No matter what was happening in Jennifer Weiner's life - whether good, bad, or very, very ugly - her mother, Fran, would say the same thing: It's all material.
Now the number-one New York Times best-selling author and "one of the biggest names in popular fiction" (USA Today), beloved on Twitter and hailed as "an unlikely feminist enforcer" (The New Yorker), takes the raw stuff of her personal life and spins it into a collection of personal essays as uproariously funny and heartfelt as the best of Tina Fey and Nora Ephron.
Jennifer grew up as an outsider in her picturesque Connecticut hometown ("a Lane Bryant outtake in an Abercrombie & Fitch catalogue") and at her Ivy League college but finally found her people in newsrooms in central Pennsylvania and Philadelphia and her voice as a novelist and New York Times columnist. In her first essay collection, no subject is off-limits: sex, weight, envy, money, the reality of life with a newborn, her mom's newfound lesbianism, her estranged father's death (and Weiner's subsequent attempt to get the funeral home to accept her American Express card, because "if at least I get points, something good will have come of this"). From bad blind dates to modern childbirth to handling her six-year-old daughter's use of the f-word - fat - for the first time Jennifer Weiner goes there, with the wit and candor that have endeared her to readers all over the world.
By turns hilarious and deeply touching, this collection shows that the woman behind treasured novels like Good in Bed and Best Friends Forever is every bit as winning, smart, and honest in real life as she is in her fiction.
©2016 Jennifer Weiner (P)2016 Simon & Schuster
At first I didn't realize what this book was - and I came to understand it is an autobiography- Jennifer Weiner has written so many books I love and this is one of them. I especially loved her narration -I may have to go back and listen to her books. I will definitely watch her movie. She is simply a wonderful author. I look forward to her novels. I am a happy huge reader and have a wide variety of books and audiobooks. Hers are always a favorite.
This is not a story but it's like listening to a friend telling you about her life . There are times you will laugh and times you will have tears. Jennifer shares herself with the reader in an intimate way. I am a senior and think whatever your stage of life you will enjoy it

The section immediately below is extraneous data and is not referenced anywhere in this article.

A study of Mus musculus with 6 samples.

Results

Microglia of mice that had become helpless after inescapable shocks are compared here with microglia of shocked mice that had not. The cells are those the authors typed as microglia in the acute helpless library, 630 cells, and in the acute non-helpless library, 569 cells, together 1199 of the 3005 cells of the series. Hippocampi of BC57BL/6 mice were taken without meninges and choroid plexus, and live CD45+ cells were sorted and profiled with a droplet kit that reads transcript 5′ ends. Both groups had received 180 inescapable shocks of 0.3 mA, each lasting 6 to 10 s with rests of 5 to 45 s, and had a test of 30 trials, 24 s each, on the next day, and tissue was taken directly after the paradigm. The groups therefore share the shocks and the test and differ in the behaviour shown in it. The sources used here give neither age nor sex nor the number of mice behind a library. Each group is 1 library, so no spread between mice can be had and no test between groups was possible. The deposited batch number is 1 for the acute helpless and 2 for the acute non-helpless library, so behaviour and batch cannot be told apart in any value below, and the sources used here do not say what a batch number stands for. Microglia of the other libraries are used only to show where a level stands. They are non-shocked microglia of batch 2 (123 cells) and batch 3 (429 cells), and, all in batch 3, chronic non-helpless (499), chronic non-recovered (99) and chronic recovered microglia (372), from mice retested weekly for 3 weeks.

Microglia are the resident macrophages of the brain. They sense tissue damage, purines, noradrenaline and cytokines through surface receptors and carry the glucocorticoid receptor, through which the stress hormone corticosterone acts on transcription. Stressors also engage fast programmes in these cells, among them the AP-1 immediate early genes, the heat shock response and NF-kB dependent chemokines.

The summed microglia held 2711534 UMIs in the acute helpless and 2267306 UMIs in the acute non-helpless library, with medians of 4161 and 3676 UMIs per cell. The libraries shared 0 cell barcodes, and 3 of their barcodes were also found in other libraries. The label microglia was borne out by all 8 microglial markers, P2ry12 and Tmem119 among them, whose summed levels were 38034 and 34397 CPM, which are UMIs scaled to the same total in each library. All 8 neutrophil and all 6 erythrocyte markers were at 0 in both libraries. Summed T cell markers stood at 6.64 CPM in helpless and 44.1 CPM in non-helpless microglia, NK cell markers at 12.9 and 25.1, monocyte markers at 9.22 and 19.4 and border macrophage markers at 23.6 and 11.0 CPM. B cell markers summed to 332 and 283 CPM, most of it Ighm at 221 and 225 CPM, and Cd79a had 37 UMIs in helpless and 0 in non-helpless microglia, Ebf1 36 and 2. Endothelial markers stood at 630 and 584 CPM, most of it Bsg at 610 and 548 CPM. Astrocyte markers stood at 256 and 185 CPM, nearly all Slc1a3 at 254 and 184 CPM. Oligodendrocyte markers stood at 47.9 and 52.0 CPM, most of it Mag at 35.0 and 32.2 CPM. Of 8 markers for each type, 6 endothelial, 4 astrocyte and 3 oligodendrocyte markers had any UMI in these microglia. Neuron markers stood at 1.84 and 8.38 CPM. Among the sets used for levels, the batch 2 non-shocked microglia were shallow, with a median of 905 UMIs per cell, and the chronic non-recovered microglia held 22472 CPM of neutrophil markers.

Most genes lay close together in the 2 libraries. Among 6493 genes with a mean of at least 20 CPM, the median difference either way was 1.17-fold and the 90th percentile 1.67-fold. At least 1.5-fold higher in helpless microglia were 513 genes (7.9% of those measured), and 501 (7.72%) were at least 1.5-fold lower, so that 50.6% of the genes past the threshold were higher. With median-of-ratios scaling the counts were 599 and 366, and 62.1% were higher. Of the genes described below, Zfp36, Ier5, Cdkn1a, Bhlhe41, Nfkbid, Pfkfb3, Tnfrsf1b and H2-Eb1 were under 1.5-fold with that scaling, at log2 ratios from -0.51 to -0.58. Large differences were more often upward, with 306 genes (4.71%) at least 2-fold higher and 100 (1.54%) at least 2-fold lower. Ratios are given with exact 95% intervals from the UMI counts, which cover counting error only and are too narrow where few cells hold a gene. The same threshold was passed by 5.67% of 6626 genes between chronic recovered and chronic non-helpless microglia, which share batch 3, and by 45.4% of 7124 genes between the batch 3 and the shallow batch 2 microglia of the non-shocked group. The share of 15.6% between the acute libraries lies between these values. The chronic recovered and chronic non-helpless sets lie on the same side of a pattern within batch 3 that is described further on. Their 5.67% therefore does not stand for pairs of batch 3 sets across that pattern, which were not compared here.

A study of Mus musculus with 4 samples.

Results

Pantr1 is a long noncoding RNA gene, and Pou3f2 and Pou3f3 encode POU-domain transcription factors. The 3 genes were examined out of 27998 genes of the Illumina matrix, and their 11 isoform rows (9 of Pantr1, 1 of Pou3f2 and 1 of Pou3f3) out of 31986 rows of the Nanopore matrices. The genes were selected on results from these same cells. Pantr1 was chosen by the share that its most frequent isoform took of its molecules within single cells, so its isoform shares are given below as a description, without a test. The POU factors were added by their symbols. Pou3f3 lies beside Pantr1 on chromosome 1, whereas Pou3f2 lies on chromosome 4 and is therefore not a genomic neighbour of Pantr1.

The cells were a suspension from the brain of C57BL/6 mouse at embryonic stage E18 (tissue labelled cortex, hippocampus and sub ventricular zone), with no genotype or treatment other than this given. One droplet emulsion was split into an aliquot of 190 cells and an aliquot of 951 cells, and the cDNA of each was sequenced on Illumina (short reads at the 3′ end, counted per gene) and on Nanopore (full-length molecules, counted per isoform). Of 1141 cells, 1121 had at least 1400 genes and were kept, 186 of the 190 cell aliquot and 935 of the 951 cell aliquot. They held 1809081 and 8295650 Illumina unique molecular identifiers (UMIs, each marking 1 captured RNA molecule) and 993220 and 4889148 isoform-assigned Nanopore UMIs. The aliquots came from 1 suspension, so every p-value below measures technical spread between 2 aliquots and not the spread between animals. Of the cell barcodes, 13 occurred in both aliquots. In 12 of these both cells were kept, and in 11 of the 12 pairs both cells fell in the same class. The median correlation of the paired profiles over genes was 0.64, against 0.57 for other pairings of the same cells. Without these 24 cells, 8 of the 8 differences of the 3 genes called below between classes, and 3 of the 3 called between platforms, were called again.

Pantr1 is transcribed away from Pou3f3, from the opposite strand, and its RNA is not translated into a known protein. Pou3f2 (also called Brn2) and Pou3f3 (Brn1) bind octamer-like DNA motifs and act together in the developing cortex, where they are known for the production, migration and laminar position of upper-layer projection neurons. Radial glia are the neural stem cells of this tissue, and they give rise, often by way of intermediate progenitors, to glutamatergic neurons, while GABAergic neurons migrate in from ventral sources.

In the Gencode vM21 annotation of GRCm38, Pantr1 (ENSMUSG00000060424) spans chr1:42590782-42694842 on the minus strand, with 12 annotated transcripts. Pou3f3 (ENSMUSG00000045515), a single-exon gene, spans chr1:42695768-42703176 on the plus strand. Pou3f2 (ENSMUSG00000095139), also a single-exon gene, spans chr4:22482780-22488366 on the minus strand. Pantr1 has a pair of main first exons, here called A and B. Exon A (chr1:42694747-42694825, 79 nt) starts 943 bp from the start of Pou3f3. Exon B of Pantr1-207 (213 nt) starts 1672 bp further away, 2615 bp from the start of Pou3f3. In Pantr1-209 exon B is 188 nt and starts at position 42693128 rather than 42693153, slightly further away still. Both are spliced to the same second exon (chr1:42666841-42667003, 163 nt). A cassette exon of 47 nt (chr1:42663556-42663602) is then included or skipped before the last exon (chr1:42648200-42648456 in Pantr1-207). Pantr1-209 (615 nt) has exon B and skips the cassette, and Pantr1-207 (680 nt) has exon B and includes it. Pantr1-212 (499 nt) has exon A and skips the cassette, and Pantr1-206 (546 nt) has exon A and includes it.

Hungry Heart is Jennifer Weiner's personal memoir. She shares stories from every aspect of her life from being the awkward outcast in childhood to using her rapport as a best selling author to advocate for feminism...and everything in between. As always, Jennifer Weiner's writing feels like you are among friends. She is so down to earth and if you're a fan of hers, you'll love this deeper look inside the mind and life of this amazing woman. You'll laugh, you'll cry and you'll definitely end it with even greater respect for this extraordinary woman. I especially love that this was narrated by Jennifer.
I adore all of Je. Over Weiner's books. And when I saw a new one was being released I couldn't wait to read it. I was still excited when I read that it was a memoir. But I just didn't love it. I think Jennifer is a talented writer whose characters connect and resonate with her fans. However, I found Jennifer, being Jennifer, was a bit of a whiner and made me dislike her. Case in point her discussing her father letting her down because she was pulled from the registration line at Princeton (could she not have referred to it as college?) and later having to take out, gasp, a student loan. Also, someone should have insisted on cutting the whole section about tweets and social media. Awful. I felt like she wasn't very relatable as a real person. Still love her books and will read her future writing. Just didn't love this book.
All I can say is wow. Hats off to Jennifer Weiner for sharing her life story including the good, the bad and the ugly in this moving memoir. She is seriously brave for tackling some disturbing topics and life experiences, from drug addiction and body shaming to gay marriage. She also did a halfway decent job with the narration, which isn't always the case for authors who choose to read their own material. I have always been a fan of her novels, but now I'm a fan of hers. Bravo!